Tuesday, January 31, 2012

Of course, she's right.

Kate is absolutely right. Criticizing is just another form of complaining. I asked Anne this morning about criticizing someone for being angry. She said, "yea, I did it once and now she's not my friend anymore." Then I thought about how William Glasser, who I've mentioned before, said that we know to not criticize our friends because then they won't be our friends anymore (we do criticize our family... which is why we are sometimes closer to friends than family).

So it seems we (those who have friends) have a circle of people we don't criticize and then have the rest of the world as a shooting gallery. On the other hand, it is said that we are our own worst critic.

I do know that it doesn't feel right when I hear the candidates badmouthing each other. Susan in Austin (or was it my wife?) said this morning that I feel that way because I'm too sensitive.

What happened to defamation of character? What happened to civility?

Anyway, I decided today to turn over a new leaf. Time for spring in Austin. No more criticizing anyone.

Until tomorrow...


Anonymous said...

Interesting question - what happened to civility. Reminded me of an evening spent with a larg group of long-time friends in central Maine. I just met them all for the first time that evening. Dinner was wonderful. The craic (Irish for good times) splendid. And what an eclectic mess of all sorts of characters they were. Young, old, straight, gay, ex-hippies, accountants, town managers - gathered in a 1798 house, once part of the Underground Railroad.

I was seated next to the homeowner during the dessert round. I turned to him, marveling at how "liberal" folks in Maine seemed to be. He looked at me in silence for a couple of seconds (it seemed a very long time) then said: "No. It's not that we're liberal here. It's that we are incredibly tolerant."

Maybe they're on to something up there.

witchwillow said...

i can't help but wonder what the presidential candidates say to each other when they're waiting in the hallway to go on or end up in the restroom together. how can they ever trust each other again?

i believe those in Maine are right on the money. patience and tolerance are close cousins and i think help us become more peaceful within as well as without. this then raises the question of being patient and tolerant to the point of being destroyed....which is a whole 'nother else.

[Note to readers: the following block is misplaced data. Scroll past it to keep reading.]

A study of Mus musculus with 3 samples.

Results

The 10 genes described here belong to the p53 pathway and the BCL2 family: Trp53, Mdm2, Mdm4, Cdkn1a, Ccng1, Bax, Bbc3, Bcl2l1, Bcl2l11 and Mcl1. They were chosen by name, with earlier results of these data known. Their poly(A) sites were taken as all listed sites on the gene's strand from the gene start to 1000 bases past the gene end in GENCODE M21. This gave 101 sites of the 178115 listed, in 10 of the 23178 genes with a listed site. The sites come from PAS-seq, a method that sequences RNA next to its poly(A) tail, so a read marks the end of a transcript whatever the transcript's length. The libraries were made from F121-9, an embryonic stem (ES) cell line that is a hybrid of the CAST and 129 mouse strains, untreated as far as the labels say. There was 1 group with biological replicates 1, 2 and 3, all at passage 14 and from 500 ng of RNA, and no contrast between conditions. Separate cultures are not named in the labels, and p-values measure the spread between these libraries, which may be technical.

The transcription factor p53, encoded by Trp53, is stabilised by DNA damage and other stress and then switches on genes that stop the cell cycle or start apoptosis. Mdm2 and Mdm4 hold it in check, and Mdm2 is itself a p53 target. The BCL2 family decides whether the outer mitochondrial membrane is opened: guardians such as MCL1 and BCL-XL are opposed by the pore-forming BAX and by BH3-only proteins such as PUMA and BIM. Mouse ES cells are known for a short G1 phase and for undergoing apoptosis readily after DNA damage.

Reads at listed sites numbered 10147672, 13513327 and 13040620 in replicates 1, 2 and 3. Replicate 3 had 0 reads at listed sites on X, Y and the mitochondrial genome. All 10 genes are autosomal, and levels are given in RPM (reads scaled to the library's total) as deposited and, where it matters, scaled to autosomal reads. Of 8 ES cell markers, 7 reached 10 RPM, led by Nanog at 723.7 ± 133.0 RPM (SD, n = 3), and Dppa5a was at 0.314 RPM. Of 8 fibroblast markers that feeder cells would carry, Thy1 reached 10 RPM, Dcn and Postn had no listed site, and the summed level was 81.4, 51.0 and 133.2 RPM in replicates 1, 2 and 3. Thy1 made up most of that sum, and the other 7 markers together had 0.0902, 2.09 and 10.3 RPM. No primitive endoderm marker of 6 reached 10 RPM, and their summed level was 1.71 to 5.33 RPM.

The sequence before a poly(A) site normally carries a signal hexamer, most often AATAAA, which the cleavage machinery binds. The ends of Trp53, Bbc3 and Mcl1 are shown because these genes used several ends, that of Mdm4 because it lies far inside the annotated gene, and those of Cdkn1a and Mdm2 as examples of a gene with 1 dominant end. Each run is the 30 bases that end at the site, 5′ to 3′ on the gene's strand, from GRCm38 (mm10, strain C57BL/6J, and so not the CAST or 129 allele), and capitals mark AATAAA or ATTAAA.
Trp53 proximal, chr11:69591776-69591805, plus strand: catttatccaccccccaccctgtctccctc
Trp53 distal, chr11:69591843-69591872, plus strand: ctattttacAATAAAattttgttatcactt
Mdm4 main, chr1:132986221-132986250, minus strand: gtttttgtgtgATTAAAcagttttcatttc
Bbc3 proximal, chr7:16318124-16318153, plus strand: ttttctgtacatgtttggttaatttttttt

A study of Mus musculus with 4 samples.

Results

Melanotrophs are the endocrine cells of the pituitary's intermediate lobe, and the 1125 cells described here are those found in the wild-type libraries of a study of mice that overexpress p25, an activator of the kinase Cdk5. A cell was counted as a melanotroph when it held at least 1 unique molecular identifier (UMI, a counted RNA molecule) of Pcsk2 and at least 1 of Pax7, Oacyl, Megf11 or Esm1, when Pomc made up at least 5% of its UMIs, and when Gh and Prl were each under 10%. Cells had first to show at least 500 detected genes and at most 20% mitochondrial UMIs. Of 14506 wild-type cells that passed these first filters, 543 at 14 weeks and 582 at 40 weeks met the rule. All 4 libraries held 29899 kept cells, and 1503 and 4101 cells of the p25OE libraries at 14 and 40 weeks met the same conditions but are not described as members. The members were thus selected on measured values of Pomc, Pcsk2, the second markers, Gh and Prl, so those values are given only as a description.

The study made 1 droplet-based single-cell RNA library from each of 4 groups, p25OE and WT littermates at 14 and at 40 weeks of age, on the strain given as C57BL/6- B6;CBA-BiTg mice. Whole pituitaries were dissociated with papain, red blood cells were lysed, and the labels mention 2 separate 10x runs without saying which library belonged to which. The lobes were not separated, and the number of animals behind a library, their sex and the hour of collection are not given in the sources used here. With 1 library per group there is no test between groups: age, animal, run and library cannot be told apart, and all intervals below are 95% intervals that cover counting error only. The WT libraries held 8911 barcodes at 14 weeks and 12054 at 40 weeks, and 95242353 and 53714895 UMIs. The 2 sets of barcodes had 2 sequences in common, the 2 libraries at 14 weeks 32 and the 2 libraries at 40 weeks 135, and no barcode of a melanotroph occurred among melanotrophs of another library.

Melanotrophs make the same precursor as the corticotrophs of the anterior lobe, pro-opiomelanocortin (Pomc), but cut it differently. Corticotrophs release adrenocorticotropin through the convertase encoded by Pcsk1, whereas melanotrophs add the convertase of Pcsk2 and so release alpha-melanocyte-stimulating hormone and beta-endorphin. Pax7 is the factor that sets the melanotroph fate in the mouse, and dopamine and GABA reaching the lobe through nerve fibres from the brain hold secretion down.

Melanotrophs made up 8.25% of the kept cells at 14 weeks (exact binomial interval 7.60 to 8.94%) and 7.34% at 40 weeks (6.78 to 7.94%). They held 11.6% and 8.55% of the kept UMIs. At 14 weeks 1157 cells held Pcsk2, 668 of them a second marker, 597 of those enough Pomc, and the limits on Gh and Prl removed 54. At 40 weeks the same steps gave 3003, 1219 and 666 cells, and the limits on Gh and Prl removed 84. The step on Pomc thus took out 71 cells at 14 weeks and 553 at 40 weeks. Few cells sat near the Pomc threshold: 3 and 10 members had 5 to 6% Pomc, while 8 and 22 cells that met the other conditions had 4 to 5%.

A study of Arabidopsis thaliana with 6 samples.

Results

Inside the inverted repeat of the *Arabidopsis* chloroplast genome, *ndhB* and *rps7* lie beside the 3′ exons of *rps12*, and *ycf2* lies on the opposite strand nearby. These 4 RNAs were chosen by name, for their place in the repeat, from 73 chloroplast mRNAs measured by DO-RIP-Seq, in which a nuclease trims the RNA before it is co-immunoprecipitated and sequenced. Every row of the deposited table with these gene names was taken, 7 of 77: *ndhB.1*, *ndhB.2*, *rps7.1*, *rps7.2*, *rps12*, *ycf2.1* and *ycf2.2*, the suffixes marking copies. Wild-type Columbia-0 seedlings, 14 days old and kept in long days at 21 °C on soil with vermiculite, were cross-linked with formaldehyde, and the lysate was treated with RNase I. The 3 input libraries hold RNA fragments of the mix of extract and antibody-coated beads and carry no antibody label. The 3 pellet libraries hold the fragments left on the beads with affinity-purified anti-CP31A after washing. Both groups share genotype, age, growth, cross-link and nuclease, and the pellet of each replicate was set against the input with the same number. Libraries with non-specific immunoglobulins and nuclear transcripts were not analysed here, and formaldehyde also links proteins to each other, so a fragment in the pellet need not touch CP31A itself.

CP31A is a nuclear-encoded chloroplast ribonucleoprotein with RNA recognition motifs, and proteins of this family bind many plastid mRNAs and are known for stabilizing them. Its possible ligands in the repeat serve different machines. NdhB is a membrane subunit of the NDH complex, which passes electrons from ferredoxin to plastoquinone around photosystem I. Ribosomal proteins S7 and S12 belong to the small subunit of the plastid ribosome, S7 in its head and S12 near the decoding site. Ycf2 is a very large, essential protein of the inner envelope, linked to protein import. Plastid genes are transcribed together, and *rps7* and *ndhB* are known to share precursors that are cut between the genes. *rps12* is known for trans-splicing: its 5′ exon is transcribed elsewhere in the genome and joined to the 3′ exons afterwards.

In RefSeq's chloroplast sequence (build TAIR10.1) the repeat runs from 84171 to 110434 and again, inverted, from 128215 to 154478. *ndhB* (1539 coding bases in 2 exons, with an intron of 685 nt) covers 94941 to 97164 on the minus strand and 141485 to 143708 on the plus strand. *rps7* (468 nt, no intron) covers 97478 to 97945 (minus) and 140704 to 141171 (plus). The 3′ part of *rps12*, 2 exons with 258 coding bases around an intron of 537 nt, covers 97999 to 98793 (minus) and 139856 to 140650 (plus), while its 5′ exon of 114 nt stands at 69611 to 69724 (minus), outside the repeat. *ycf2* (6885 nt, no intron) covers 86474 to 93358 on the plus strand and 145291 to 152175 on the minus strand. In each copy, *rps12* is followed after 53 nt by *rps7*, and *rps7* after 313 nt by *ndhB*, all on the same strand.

Kim Mosley said...

I tried to be friendly with others in line for an interview the one year I was looking for a job at the College Art Association. They weren't in the mood.

Perhaps sometimes patience and tolerance is not an appropriate response.

Anonymous said...

For some reason, this reminds me of the Sabbathday Lake (Maine) Shaker community. I thought Shakers were extinct. Not so. Founded in 1794 (or thereabouts), the Sabbathday Lake community has been in continuous operation ever since. There were (are?) four Shakers, ranging in age from 20-90 years.

I'm not a Shaker, Quaker, or religious of any stripe. But I think I can recognize when someone behaves, speaks, writes in such a way as to tend to move others down a constructive path. I find that attractive and seek it out.

I don't "own" the actions or reactions of others, and try not to interpret them. Viktor Frankl's book, MAN'S SEARCH FOR MEANING, meant much to me when I first read it 43 years ago. I had been drafted, found myself in uniform, believing what "we" were doing was wrong, and frightened by what I believed would be done to me because of my unwillingness to be silent.

I re-read his book last month - my sister had asked me to write a letter to her daughter, my niece, about "life". Geez. Life. What the hell do I know about that? I wrote the letter but also sent her a copy of the book. Thus far, over the years, I have given away 25-30 copies of that book.

Somehow I feel it relates to this topic, too.

Who's in the world?

Xiushan said, "What can you do about the world?" Dizang said, "What do you call the world?"